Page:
December 22, 2022
by the gentle author

If you need an excuse to escape over Christmas, why not join me for THE GENTLE AUTHOR’S TOUR OF SPITALFIELDS on Boxing Day?


Click here to buy GIFT VOUCHERS for The Gentle Author’s Tours – the ideal present for friends and family – and I will send a handwritten greetings card to the recipients


A few years ago, I came across this set of small souvenir Christmas plates Fritz Wegner designed for Fleetwood of Wyoming between 1980 and 1983 in limited editions, which I acquired for almost nothing. They are crudely produced, not unlike those ceramics sold in copyshops with photographic transfers, yet this cheap mass-produced quality endears them to me and I set them out on the dresser every Christmas with fondness.

I discovered my delight in the work of illustrator Fritz Wegner (1924-2015) in primary school through his drawings for Fattypuffs & Thinifers by Andrew Maurois. Throughout my childhood, I cherished his book illustrations whenever I came across them and the love of his charismatically idiosyncratic sketchy line has stayed with me ever since.

Only recently have I learnt that Fritz Wegner was born into a Jewish family in Vienna and severely beaten by a Nazi-supporting teacher for a caricature he drew of Adolf Hitler at the age of thirteen. To escape, his family sent him alone to London in August 1938 where he was offered a scholarship at St Martin’s School of Art at fourteen years old, even though he could barely speak English.

Journey to Bethlehem, 1983

The Shepherds, 1982

The Holy Child, 1981

The Magi, 1980

You may also like to take a look at

Charles Keeping, Illustrator

7 Responses leave one →
  1. Andy permalink
    December 22, 2022

    The sweetness in the light of these illustrations endears my soul.

  2. December 22, 2022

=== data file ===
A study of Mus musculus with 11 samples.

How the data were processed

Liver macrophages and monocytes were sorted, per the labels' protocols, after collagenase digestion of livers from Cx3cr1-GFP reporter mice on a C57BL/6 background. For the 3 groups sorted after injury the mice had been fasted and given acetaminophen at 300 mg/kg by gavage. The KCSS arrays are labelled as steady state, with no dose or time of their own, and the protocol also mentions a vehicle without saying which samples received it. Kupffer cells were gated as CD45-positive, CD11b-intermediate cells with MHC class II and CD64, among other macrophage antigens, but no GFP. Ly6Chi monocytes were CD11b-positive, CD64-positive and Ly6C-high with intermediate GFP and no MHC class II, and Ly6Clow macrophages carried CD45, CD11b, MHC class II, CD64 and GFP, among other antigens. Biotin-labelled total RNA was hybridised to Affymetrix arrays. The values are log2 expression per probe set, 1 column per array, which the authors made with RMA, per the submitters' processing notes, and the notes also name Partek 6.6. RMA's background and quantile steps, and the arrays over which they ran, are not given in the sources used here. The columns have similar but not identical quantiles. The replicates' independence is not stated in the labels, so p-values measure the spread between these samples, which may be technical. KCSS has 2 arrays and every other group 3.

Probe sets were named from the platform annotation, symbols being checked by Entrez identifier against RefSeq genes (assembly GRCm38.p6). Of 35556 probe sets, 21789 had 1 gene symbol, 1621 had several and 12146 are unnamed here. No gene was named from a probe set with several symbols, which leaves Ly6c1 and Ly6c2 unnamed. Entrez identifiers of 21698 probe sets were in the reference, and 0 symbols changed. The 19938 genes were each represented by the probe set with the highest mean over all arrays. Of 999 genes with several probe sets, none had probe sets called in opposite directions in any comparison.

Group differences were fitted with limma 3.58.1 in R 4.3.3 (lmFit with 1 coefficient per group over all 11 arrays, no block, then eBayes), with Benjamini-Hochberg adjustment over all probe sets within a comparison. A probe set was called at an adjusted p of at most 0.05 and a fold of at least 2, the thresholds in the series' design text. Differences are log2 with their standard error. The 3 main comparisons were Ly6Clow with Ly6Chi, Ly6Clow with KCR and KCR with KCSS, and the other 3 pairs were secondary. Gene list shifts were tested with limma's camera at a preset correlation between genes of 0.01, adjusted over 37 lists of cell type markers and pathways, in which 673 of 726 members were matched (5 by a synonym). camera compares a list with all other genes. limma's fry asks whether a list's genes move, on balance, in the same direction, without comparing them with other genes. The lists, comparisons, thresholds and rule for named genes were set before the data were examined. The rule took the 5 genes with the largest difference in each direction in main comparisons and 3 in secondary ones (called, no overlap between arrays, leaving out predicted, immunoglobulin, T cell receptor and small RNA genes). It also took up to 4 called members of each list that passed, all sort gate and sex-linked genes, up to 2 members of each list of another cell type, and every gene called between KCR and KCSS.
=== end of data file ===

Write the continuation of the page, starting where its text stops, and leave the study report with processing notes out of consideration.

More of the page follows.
Very colourful and illustrative, they bring to life the Christmas story. They may be massed produced but they are quite lovely.

  3. Sally Bernard permalink
    December 22, 2022

    Thank you I enjoy seeing your ritual Xmas I seem to hVe lost so much of mine

  4. Barbara permalink
    December 22, 2022

    Glorious! Thank you.

  5. Wendy permalink
    December 22, 2022

    What a lovely thing to do each Christmas. You’ve highlighted that I haven’t a regular tradition so am promising myself to think of one. Merry Christmas to you and your readers.

  6. December 22, 2022

    GA, thank you for sharing your holiday decor and rituals! I so appreciated learning more about
    Fritz Wegner. Makes me want to know what size these original works of art were? They are so incredibly detailed and nuanced. (note the textiles in the Magi depiction…….) I love the duality of the holiday season — I can groove on the ultra-sophisticated window displays on Fifth Avenue, and I can sigh with appreciation to see the wobbly cardboard ornaments made by local children. To me, BOTH are spectacular expressions of the season. I’ve made a lifelong study of notable /rare Neapolitan nativity scenes, and yet I am equally thrilled to unwrap my childhood collection of dime store figures and arrange my heartfelt manager scene here. Your array of glass ornaments reminded me of a childhood holiday tree that was so modest, it was chuckle-worthy…….yet I would not change a strand of tinsel, and am so blessed to tend these holiday memories.
    Wishing you all the joys of the Season, and thank you for the joy and optimism you bring.

  7. Tones permalink
    December 22, 2022

    They may seen to be crudely made but they are still very skilfully done.